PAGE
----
Should You Use A Jade Roller If You Have Acne-Prone Skin?

Illustrated by Chun Seung
Illustrated by Chun Seung
Jade rollers have persisted as a beloved skincare tool, thanks to their gorgeous colour, and also their claims to fame, which include helping skincare products absorb better, promoting blood circulation and bringing down facial puffiness.
However, that doesn't mean they're the best tool for everyone, and people with acne should be wary of hopping on the jade roller bandwagon, as they can actually aggravate skin concerns.
Users on Reddit and TikTok have shared warnings and horror stories against jade rollers and their sister versions, commonly made of amethyst or rose quartz.
"I break out in cystic acne on my neck when I try to roll along my jawline, so I honestly just don’t use it," one Redditor commented.
Jade has a rich and significant history in Asian cultures — in objects, pendant jewellery, art and of course, in beauty. However, the coopting of jade rollers as a trend removed from its traditional roots is not only insensitive but also sets everyone up for failure. We see this with cheaper jade rollers that may not even be crafted with real jade at all, which raises even more questions about what you're unwittingly putting on your face.
Meanwhile, the material rollers are made from is quite porous, meaning that without proper care, jade can harbour nasty bacteria that you then spread around your face willy-nilly. This can catch you out if you're not cleaning the jade roller frequently enough, or if you're using too harsh a cleaning product that can also aggravate your skin.
Dr Ritu Gupta, a specialist dermatologist from Sydney's Platinum Dermatology, gave Refinery29 the lowdown when it comes to acne and using jade rollers.

"The basic fact is, if you have an appropriate moisturiser, you don't need to help it."

Dr Ritu Gupta
Dr Gupta said jade rollers have the potential to make existing acne deeper, more nodular and inflammatory, or spark a new breakout altogether.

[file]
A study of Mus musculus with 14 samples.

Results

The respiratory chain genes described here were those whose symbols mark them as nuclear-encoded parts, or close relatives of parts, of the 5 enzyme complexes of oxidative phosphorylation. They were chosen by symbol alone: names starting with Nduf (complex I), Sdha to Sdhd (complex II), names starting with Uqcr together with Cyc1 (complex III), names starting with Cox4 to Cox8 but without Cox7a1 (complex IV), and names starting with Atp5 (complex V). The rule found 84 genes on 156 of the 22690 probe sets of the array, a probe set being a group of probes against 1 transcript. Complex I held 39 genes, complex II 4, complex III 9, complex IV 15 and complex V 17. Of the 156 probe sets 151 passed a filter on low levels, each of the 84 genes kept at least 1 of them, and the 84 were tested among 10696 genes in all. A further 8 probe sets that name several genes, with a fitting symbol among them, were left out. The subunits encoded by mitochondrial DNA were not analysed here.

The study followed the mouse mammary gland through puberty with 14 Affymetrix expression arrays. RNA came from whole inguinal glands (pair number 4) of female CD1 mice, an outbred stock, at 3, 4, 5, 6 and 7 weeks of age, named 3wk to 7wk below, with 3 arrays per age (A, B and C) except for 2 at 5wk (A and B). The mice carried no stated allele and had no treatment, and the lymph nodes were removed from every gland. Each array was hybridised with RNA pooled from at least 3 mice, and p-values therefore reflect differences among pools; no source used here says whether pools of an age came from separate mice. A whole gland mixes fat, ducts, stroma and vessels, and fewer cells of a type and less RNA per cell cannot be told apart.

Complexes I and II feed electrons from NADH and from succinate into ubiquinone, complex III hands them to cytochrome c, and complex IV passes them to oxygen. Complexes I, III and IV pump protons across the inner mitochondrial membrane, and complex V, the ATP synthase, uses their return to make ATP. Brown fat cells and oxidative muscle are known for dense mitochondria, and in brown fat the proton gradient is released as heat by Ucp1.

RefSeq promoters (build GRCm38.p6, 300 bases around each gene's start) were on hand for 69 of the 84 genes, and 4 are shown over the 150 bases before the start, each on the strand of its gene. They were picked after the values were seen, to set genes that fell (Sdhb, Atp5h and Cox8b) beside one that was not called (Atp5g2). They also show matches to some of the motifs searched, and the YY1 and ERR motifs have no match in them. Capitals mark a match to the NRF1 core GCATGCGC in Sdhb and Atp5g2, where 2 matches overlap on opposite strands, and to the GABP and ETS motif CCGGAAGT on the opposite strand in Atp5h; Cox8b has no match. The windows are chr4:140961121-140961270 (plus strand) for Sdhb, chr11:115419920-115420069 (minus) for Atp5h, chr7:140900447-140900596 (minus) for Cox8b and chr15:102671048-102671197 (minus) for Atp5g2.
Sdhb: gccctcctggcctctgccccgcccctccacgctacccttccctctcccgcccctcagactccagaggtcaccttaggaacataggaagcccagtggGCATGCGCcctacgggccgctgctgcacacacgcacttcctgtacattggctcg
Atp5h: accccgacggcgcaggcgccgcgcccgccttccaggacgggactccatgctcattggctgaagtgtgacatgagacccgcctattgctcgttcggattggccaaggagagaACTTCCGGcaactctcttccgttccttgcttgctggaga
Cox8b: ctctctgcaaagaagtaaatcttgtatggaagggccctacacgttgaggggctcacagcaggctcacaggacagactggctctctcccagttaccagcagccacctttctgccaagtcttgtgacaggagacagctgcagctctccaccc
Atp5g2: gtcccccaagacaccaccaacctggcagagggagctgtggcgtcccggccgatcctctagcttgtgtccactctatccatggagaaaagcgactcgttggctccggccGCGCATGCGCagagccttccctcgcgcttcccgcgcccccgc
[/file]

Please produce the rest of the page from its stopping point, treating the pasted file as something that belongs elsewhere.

"We all have bacteria that live on our skin, and normally we live happily in harmony together," she said. "But if you've provided a portal of entry [like with a jade roller], in goes the bacteria, and you can get folliculitis (inflamed hair follicles) on top."
While she doesn't recommend the use of jade rollers for people who have acne-prone skin, Dr Gupta does have other suggestions for anyone who wants their moisturisers to penetrate deeper. "Sometimes we recommend 'wet dressing' for people who have eczema, where we get them to put on their moisturiser and lay with a damp face cloth over their face," she says. "What that does is add moisture, and the occlusion (the covering over) increases the penetration of creams by about 30%."
The humble washrag also triumphs over the jade roller for facial puffiness as well, as jade rollers can just push the swelling around rather than get rid of it, according to Dr Gupta.

"When I see someone for acne, 50 to 75% of the consultation is spent dispelling myths — all the nonsense online."

Dr Ritu Gupta
For the people who use jade rollers without any side effects, she said, while it may not be doing you any harm and you're free to do as you will, the benefits are still questionable.
However, if you've broken out from using a jade roller and deduced that the tool is at fault, the first step to getting your skin back to where it was before is to bid it adieu, and simplify your routine without the identified triggers.
But with the rise of skin care videos online, it can be challenging to resist the allure of a new trend that promises perfect skin. "I would say that when I see someone for acne, 50 to 75% of the consultation is spent dispelling myths — all the nonsense online by people who aren't specialists," she said, adding that if you do have skin concerns, seeing a doctor to discuss individual treatment options is always best.
The meditative and relaxing process of rolling a stone over your face, especially if it's been kept in the fridge, might be hard to pass up. If you're in the market for a new jade roller but are worried about any potential side effects, consider taking Dr Gupta's advice and opt for a clean, chilled or warm washcloth instead, which will do the job just as well for a fraction of the price.